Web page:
The Best CCTV Design for Video Surveillance of Open Car Parks

Car Park CCTV Coverage

Camera in outdoor car parks catch heaps of action but are typically  – well – useless for evidence. 

Their intent is typically used to observe behavior and be a visual deterrent. Activities of interest include vandalism, loitering, theft, assault and carpark misuse but in reality, for most installations I have reviewed, you would have more change tracking an individual ant through the mowed grass.

The ability to recognize a person from a camera covering a perimeter wall or carpark area is not always possible and as such is often ineffective as review tool or for evidence. This is due to the combination of the cameras installation height and scene width.

For example

In this clip you can see a huge amount of the car park. Maybe 100 cars when it is full but only the lower third of the scene is possibly useable. I say possibly because the camera is too high to see a persons face, too low a resolution to read a number plate and depending on which way is west, will be blinded by the afternoon sun.

The best practice to CCTV in a car park is to have several higher resolution cameras, which are covering the key points around the perimeter where most pedestrian and vehicle traffic passes.

These cameras provide the ability to recognize a person or read a number plate and when combined with the typical overview cameras provide an evidence chain of who the person is and what they did.
This has proven in practice to provide a level of coverage that is not too demanding on the recording storage but still provides the detail the police require for evidence.

Sufficient detail is also provided for video analytics such as cars parked too long, allowing you to better manage your parking spaces and suspicious out of hours behavior to alert the remote video monitoring so they can observe and react.

The following illustration shows how we would co ver a typical shopping centre with cameras placed to give in image suitable to recognize someone in the yellow zones and observe behaviors in the green zones.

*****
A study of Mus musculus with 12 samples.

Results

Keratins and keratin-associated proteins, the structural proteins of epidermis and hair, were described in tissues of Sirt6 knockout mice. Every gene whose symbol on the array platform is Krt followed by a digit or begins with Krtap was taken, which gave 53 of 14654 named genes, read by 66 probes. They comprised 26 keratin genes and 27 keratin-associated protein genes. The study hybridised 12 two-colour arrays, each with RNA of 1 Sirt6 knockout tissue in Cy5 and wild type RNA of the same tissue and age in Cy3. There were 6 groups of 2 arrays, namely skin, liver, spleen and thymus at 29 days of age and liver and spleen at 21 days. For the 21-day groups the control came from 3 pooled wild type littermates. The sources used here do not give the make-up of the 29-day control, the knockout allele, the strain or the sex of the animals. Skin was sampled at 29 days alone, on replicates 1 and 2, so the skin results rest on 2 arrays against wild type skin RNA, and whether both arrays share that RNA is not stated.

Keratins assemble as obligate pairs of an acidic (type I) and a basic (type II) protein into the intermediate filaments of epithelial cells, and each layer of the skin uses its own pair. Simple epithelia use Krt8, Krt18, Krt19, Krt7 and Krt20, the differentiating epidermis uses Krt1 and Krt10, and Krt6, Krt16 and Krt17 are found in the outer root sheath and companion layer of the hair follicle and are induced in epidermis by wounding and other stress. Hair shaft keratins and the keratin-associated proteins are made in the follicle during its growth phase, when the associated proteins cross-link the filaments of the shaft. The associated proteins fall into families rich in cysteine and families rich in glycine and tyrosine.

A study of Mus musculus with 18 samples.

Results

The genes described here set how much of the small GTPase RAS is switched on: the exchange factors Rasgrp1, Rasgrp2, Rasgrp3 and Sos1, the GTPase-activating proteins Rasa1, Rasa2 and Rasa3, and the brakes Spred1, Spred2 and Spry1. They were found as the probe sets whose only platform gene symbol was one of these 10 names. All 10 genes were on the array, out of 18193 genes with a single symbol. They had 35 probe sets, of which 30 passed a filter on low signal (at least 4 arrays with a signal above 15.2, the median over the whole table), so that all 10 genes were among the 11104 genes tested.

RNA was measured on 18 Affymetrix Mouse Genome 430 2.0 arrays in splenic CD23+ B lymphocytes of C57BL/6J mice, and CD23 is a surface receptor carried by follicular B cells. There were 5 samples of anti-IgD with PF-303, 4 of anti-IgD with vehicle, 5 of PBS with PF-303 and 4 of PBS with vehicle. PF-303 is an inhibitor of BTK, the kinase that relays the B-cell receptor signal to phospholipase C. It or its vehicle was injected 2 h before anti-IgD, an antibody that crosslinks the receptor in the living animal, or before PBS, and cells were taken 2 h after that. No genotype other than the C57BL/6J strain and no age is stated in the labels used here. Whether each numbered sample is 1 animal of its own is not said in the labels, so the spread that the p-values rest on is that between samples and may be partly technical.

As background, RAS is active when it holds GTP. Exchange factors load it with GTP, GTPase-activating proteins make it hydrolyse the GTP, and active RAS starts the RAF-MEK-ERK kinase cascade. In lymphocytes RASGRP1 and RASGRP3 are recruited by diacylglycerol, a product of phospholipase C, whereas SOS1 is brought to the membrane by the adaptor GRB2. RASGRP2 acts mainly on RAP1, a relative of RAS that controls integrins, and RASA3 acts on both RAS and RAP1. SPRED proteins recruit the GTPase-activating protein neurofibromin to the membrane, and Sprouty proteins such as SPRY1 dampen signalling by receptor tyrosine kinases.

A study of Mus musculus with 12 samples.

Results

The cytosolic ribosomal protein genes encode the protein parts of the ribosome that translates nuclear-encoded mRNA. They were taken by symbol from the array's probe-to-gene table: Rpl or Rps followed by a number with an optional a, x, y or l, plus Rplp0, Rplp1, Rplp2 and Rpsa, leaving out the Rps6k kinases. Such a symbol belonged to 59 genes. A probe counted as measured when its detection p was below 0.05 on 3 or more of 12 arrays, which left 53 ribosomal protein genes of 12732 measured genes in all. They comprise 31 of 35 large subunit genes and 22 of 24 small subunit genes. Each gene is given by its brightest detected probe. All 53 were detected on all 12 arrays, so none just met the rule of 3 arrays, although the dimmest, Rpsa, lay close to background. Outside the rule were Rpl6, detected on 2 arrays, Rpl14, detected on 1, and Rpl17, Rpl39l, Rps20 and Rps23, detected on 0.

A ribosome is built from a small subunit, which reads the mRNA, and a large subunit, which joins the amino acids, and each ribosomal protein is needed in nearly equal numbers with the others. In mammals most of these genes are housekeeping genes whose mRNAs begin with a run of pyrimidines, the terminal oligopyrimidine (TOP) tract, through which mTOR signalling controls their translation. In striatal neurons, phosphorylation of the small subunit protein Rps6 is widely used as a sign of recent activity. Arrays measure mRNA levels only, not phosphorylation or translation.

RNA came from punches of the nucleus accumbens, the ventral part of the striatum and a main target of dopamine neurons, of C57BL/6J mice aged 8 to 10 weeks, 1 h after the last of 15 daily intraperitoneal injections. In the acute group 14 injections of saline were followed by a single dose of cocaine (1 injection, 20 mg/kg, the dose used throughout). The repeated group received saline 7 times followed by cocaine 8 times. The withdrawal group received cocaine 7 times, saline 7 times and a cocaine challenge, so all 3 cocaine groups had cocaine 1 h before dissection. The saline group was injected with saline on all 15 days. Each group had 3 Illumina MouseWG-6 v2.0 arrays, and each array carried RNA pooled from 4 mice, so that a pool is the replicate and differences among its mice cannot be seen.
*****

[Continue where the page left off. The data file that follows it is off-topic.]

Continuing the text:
CCTV Recognise Coverage of  a Car Park

First we provide a reasonable level of coverage at key choke points to obtain an image quality suitable to read a number plate or recognize a person. This is using the higher resolution 4K cameras which allow recognition quality at greater distances into the scene. We could use these 4K CCTV cameras for the entire site however this would significantly increase the storage requirements and overall system cost.

Carpark poor install CCTVThe top of the camera scene SHOULD NOT include the horizon as many installations I see do. All this does is records unimportant information and causes backlight problems when the sun is on the horizon. Instead have the end of the camera scene about 1 metre above the furthest point on your property. 
In the scene below, apart from a beautiful sunset, what else are we going to gain from the top third of the scene? UFO’s?

Getting 95% Coverage

Combining this with several cameras designed to give and overview (wider scenes but less detail) and 720p resolution allows us to track a person or vehicles movements around a carpark with a 95% coverage after initially detecting them with a camera of recognise quality.

CCTV Detect Coverage of  a Car Park

The result is that for much of the car park, we will be able to track a person with enough detail to know where they walked and with the higher resolution cameras be able to recognise them.

 The result of a 4K CCTV camera in a car park

While there are some car park layouts that this will not be effective in, the results will  be significantly more useful as evidence than the traditional coverage.

Other considerations are the type of camera housing, the mounting height and the growth of trees in the scene. Car park cameras have a habit of either getting knocked off the wall by trucks or being stolen. To avoid this use vandal resistant domes where the lens focal length is sufficient. Mounting them higher will also help with this problem but will increase the likelihood of not seeing a face underneath a hat as well as increasing the cost to service the cameras with the requirement of elevated work platforms.
The tree issue is just something you need to plan for and allow in your budget to prune the trees or move the cameras as required.


What is your experience in car park surveillance? Any tips that might help others?